A defensive gem for the history books

— -- KANSAS CITY, Mo. -- There was a time when October always brought tricks to San Francisco rather than treats.

The Giants had World Series games delayed by torrential rains (the Columbus Day storm of 1962) and 10 days by an earthquake (the Loma Prieta quake in 1989). They felt the painful heartache of seven-game losses in the 1962 World Series ("Why couldn't Willie McCovey have hit that ball just two feet higher?!?!'') and the 2002 World Series ("Why couldn't Scott Spiezio have hit that ball just two feet lower?!!?''). They won 103 games in 1993 and got knocked out of a postseason spot on the final day of the regular season by the Dodgers (grrrrrr).

For crying out loud, they got beat twice in the postseason by the Marlins!

Now, October brings nothing but treats. The Giants have won three of the past five World Series, and this latest one came in part due to a reversed call that became a rally-killing double play after being replayed several minutes by the umpires -- and will be replayed by San Francisco fans for ages.

Joe Panik's diving stop of a third-inning ground ball that eventually led to a double play in Game 7 was so dazzling that the 24-year-old rookie not only couldn't have dreamed of making it in the World Series, it was one he never even attempted at any level.

"That's the first time I've ever done something like that," said Panik, who reached the majors just five months ago. "Once in a while in practice or B.P., I'll do a glove flip standing up, but nothing like that on my belly. It was just instinctual. I couldn't get my bare hand to the glove because it was Lorenzo Cain running and I'm like, 'He's fast,' so I just tried to get it out to [shortstop Brandon Crawford]."

This was the situation. The score was tied 2-2 in the bottom of the third with reliever Jeremy Affeldt pitching, Cain on first base and Eric Hosmer at the plate for the Royals.

Hosmer hit a ball sharply up the middle that he -- and most everyone else in Kauffman Stadium -- believed would be a single that would advance Cain to third base. Instead, Panik dove to his right and speared the ball with his glove. Lying on his stomach, he then flipped the ball from his glove to Crawford to force out Cain at second.

"He always talks about how he doesn't do [glove flips] and that he's always going to flip with his bare hand," Crawford said. "But in that situation, that was the best play he could make."

Crawford followed it up by firing to first base. His throw arrived in Brandon Belt's glove at almost the same instant Hosmer's fingertips reached the bag when he dove headfirst. Diving headfirst into first base is almost always a mistake unless the runner is trying to avoid a tag, because it is faster to run through the base than to dive to it. Hosmer, however, maintains it's the opposite case for him.

"I feel that's quicker for me," Hosmer said. "I have a long wingspan, and instead of taking two more strides, I just reach for the bag. I stole a couple hits that way this year. That's the quickest way to the bag for me."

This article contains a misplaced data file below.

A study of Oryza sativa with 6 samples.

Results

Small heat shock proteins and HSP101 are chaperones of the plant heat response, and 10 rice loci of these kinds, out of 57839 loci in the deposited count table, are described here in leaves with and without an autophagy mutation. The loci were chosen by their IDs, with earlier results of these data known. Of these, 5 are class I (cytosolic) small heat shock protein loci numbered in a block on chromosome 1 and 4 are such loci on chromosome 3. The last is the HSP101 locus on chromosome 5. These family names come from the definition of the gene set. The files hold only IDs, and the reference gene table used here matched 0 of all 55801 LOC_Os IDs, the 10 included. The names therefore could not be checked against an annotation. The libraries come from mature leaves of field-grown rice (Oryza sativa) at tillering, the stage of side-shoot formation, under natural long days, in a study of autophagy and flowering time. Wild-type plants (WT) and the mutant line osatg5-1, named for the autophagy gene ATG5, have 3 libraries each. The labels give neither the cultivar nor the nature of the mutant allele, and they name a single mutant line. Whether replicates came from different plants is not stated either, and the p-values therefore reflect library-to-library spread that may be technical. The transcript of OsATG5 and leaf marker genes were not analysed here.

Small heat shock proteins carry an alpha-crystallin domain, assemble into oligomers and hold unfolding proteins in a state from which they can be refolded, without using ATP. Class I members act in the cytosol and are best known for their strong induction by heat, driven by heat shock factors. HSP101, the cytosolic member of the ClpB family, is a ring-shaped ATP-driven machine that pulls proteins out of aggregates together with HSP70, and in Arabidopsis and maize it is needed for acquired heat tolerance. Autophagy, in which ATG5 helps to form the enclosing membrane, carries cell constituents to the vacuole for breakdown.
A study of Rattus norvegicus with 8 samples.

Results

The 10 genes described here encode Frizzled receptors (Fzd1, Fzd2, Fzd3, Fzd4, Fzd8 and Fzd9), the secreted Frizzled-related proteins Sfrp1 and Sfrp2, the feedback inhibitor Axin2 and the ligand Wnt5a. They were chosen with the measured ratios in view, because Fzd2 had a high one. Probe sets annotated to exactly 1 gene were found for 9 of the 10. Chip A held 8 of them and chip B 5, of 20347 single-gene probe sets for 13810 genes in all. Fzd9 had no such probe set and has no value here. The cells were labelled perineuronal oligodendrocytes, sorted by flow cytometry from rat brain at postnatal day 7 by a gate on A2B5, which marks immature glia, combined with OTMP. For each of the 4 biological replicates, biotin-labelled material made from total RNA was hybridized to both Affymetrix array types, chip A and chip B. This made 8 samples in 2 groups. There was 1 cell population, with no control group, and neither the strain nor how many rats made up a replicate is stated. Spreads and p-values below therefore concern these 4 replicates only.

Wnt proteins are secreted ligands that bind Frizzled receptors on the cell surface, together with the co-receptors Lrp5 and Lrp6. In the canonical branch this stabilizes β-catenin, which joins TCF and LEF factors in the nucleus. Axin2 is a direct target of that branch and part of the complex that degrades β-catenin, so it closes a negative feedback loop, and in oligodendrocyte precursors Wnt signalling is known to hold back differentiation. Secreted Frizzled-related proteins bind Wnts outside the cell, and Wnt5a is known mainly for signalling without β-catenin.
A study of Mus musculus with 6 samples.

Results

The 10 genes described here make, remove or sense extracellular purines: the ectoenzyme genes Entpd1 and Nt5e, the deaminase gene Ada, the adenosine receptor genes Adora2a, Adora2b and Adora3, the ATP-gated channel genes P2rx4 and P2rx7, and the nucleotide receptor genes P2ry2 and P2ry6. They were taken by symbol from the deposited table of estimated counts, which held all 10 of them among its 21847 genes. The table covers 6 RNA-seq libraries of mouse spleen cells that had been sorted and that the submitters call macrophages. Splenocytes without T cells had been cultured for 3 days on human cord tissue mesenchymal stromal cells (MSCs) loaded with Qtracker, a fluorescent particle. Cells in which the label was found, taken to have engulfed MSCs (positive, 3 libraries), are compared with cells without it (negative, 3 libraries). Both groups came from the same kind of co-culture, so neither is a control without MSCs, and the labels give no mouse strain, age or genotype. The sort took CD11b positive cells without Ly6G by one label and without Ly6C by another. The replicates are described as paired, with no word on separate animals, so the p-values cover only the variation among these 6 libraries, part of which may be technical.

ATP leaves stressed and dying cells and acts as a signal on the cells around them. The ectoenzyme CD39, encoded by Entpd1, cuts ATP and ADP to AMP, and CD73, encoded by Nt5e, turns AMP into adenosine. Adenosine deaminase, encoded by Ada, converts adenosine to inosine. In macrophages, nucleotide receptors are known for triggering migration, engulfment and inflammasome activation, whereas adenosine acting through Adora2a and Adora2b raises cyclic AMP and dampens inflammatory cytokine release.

First-base umpire Eric Cooper agreed, initially ruling Hosmer safe. Giants manager Bruce Bochy quickly challenged the play, something that teams could not do until this season. It paid off. After the play was reviewed for several minutes, the call was overturned and Hosmer was ruled out for a 4-6-3 double play.

"I originally pounded my fist because I thought he was out," Panik said. "But then watching the replay, I thought that's a little close. I honestly couldn't tell. That's why they have the HD cameras in New York."

It's understandable if Royals fans are upset the umpires overturned their call. It killed a possible rally. Then again, it could be worse for Kansas City fans. Baseball could have had instant replay in the 1985 World Series.

Of course, if baseball did have replay back then, we still probably would be waiting for them to rewind the Sony Betamax machine.

Asked whether he thought Hosmer was out, Crawford replied with a less than certain, "Apparently."

Hosmer said he hadn't seen all the replays but was not upset about the play being reviewed. "That's what you want," Hosmer said. "You just want to get the call right.

"Panik made a great play. That's what you've got to do to win championships. He's a big part of their team. The whole series, he was taking hits away. That would have been a big hit. Runners on first and third with no outs and Billy Butler coming up? Definitely a crucial play."

It was. The Giants scored the go-ahead run the next inning, and then Madison Bumgarner shut down the Royals over the final five innings to secure the 3-2 victory.

"That double play saved me, but it was also a game-changer," Affeldt said. "I think what it did was it kept me from throwing more pitches and Bochy possibly having to go to someone else to get me out of a jam. To have a two-out-and-nobody-on situation rather than a one out with a runner on and I have to pitch a little different -- it was huge.

"That kid has made plays since he came up that were pretty awesome, and he's definitely the reason we did this today."

Why are the Giants doing this now after so many decades of painful losses? Crawford grew up in the Bay Area in a family with season tickets to Giants games. Asked why San Francisco used to always lose in October but now always wins, he replied. "It's hard to say what the difference is. We kind of create our own luck by doing the little things right. I'm not saying those teams didn't when I was growing up, but that's a big reason we're back here so often."

Panik's double play was no little thing, though. It was a defensive play for the World Series history books. Or better yet, for the video screens.